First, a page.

Sermon Easter 5 May 19, 2019

Acts 11:1-18               Psalm 148                  

Revelation 21:1-6                  John 13:31-35

May these words and our thoughts be acceptable to God, Father, Son and Holy Spirit.

That little bit of Gospel we read has got an awful lot of stuff in it.  It’s at the Last Supper.  Jesus has just said that one of the disciples will betray Him.  He knows it’s Judas, so He says to him  ‘go and do what you have decided to do’  that is betray Him.  Judas rushes out to betray Jesus’ whereabouts to the Chief Priests and Elders.  You know what happens then – the disaster of Good Friday, the seemingly misnamed Good Friday, when Jesus’ earthly ministry ends in the degradation and pain of the Cross.

As soon as Judas leaves Jesus declares that now He and God have been glorified.  That’s truly hard to understand, how can this be called glorification ?  Well of course like Good Friday in human terms none of this is glorious, but we are forgetting the God Factor.  God has this habit of looking long term with the benefit of foreknowledge.  Out of this pending disaster will come Resurrection and Redemption.  We are not able to know that in the moment but it’s coming.  We should remember that when things don’t go our way, either physically, emotionally or relationally, there is a longer story that God has in mind for each of us.  Sometimes things will end in pain and suffering for us but like Jesus every pain we suffer will be for another’s redemption from suffering. 

I’m thinking of Bob Wilson a victim of negligence at Joseph Brant Hospital who is dying from untreated bedsores.  That will never, ever happen again;  routines and practices will be changed and others will be saved because of Bob’s suffering.  We learn by our mistakes and there are oh so many mistakes to be made.  Life is an unending stream of trial and error, because we are all unique, God made us that way, and I am glad about it.  I am glad about who I am.  I would not want to be another;  George Clooney’s looks and money ?  Perhaps not.  I like what I have but maybe you should ask my wife.

Bob Wilson is a martyr by any reasonable definition.  His agony will bring relief to others.  That is what Jesus’ suffering did for each of us, and that is what our suffering does for others, although we may not see it, and we may beg with bitter tears that the cup of suffering we have been given will be taken away, it will not be.  God will not save us from our own stupidity but God will be with us when we suffer Evil, when we call upon Him for help.  God will still be with us when we are called to martyrdom for the sake of others.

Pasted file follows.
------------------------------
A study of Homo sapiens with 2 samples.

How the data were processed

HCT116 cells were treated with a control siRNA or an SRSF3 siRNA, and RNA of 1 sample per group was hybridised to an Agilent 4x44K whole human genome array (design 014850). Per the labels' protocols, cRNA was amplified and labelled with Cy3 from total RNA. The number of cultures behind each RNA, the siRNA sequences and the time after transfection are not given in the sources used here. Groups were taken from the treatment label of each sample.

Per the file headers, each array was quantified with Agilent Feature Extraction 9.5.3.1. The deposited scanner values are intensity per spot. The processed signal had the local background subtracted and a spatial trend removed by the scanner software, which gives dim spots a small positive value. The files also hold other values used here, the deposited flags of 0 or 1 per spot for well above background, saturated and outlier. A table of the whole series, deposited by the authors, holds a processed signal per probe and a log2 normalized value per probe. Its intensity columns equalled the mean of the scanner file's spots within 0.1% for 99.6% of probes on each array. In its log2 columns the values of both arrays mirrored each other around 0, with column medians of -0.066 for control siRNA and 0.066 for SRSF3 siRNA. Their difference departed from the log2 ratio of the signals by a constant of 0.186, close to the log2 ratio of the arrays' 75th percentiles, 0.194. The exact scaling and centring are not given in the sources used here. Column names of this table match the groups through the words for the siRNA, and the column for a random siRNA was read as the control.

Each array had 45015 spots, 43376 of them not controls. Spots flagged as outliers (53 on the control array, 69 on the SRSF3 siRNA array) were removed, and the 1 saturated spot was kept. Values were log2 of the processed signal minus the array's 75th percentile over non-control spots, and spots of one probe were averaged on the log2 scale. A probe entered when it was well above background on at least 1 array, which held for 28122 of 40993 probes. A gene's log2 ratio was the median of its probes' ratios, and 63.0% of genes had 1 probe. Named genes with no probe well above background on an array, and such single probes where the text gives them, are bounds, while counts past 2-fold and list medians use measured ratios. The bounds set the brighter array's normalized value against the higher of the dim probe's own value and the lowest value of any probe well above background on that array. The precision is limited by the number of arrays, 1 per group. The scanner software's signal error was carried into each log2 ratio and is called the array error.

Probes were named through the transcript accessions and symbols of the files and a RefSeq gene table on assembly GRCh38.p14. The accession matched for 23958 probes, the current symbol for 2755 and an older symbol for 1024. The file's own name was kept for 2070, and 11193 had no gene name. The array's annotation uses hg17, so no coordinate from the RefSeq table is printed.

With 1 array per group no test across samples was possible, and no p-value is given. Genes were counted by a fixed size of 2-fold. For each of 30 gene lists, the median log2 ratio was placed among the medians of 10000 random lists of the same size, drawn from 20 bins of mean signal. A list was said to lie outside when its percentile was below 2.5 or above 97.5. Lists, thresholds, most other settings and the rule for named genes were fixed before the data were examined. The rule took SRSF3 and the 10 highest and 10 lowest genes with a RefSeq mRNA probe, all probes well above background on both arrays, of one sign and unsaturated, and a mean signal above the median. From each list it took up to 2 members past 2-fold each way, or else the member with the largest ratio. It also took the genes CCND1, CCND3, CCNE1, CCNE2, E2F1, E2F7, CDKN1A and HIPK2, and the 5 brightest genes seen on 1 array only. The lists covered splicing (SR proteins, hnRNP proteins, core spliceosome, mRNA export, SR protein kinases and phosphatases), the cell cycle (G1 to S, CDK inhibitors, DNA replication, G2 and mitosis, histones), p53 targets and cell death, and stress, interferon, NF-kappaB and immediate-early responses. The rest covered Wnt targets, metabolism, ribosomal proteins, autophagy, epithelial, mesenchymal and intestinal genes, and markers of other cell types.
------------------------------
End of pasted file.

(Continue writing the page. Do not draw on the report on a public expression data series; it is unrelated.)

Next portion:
It is one measure of the way we love one another, to bear things for others.  Throughout human existence, life has got a little better, bit by bit, age by age.  We don’t live in caves any more, we don’t live in anarchy although we haven’t learnt not to war, we have learnt to better our lives through trial and error, by scientific discovery, we have learnt to express ourselves in the arts and are able to enjoy the finer things of life, because others have led the way, often by pain and suffering.  Why should we be any different ?  It’s the human condition but we know there is a God who will be with us agony or not, who will give us a life beyond this wonderful, but grubby life.  That’s what the New Jerusalem is about.  Eventually we will have worn out all the bad possibilities and only good ones will be left.

But why put this Gospel reading here we are five Sundays after Easter, we have heard stories, even today, of how the Church is growing, why remind us of Christ’s pending doom, He is Risen ? 

I suggest we are reminded of Jesus’ suffering because we don’t want to get too far ahead of ourselves.  It is because of His death and Resurrection that the Church grows.  That’s how Jesus and the Father are glorified, by the growth of the Church, when more faithful believers come to worship and do the work they are called to do, that is to love God and love neighbour.

We are called to play our part in the Church, in its Mission and therefore in its growth and ultimately in glorifying God by so doing.

Then we will see the New Jerusalem, not only will the world be changed but we will see it in a different light.

Imagine if you got up every morning fully rested, ready to enjoy the day without bodily creeks and groans, the sun shining, breakfast on the table, nothing but good news in the newspaper, anxious to go and see friends and family to see them happy in their lives, to enjoy good conversation, have a relaxed lunch, easy afternoon exercise, time to read and relax or learn something new, stay a while watching the birds and the river, finding a cool spot for a little tea of delicate sandwiches, then a walk home where preparation of the evening meal is well underway, time to watch the Game, when you won’t be interrupted with  “Dinner’s ready”  at the two minute warning with the score tied.  Then dinner, a little wine, then to listen to the evening news, which is all good and the Stock Market was up again, as it has been for as long as you can remember, watch your favourite show, maybe a hot chocolate and cookie, and then to the sweetest bed you have ever slept in to sleep, perchance to dream.

That’s the New Jerusalem.  Why are things so good, well it’s because God is in residence.  You will spend your time in constant worship, because God is worthy of it, it will not be a chore but a delight as all things are in the New Jerusalem.  No more suffering or sores, no more martyrdoms or broken hearts.  The New Jerusalem will come when Death is no more, when you have become righteous through your Faith, and redundant Evil has been thrown into the Eternal Fire and we are truly free.  Amen.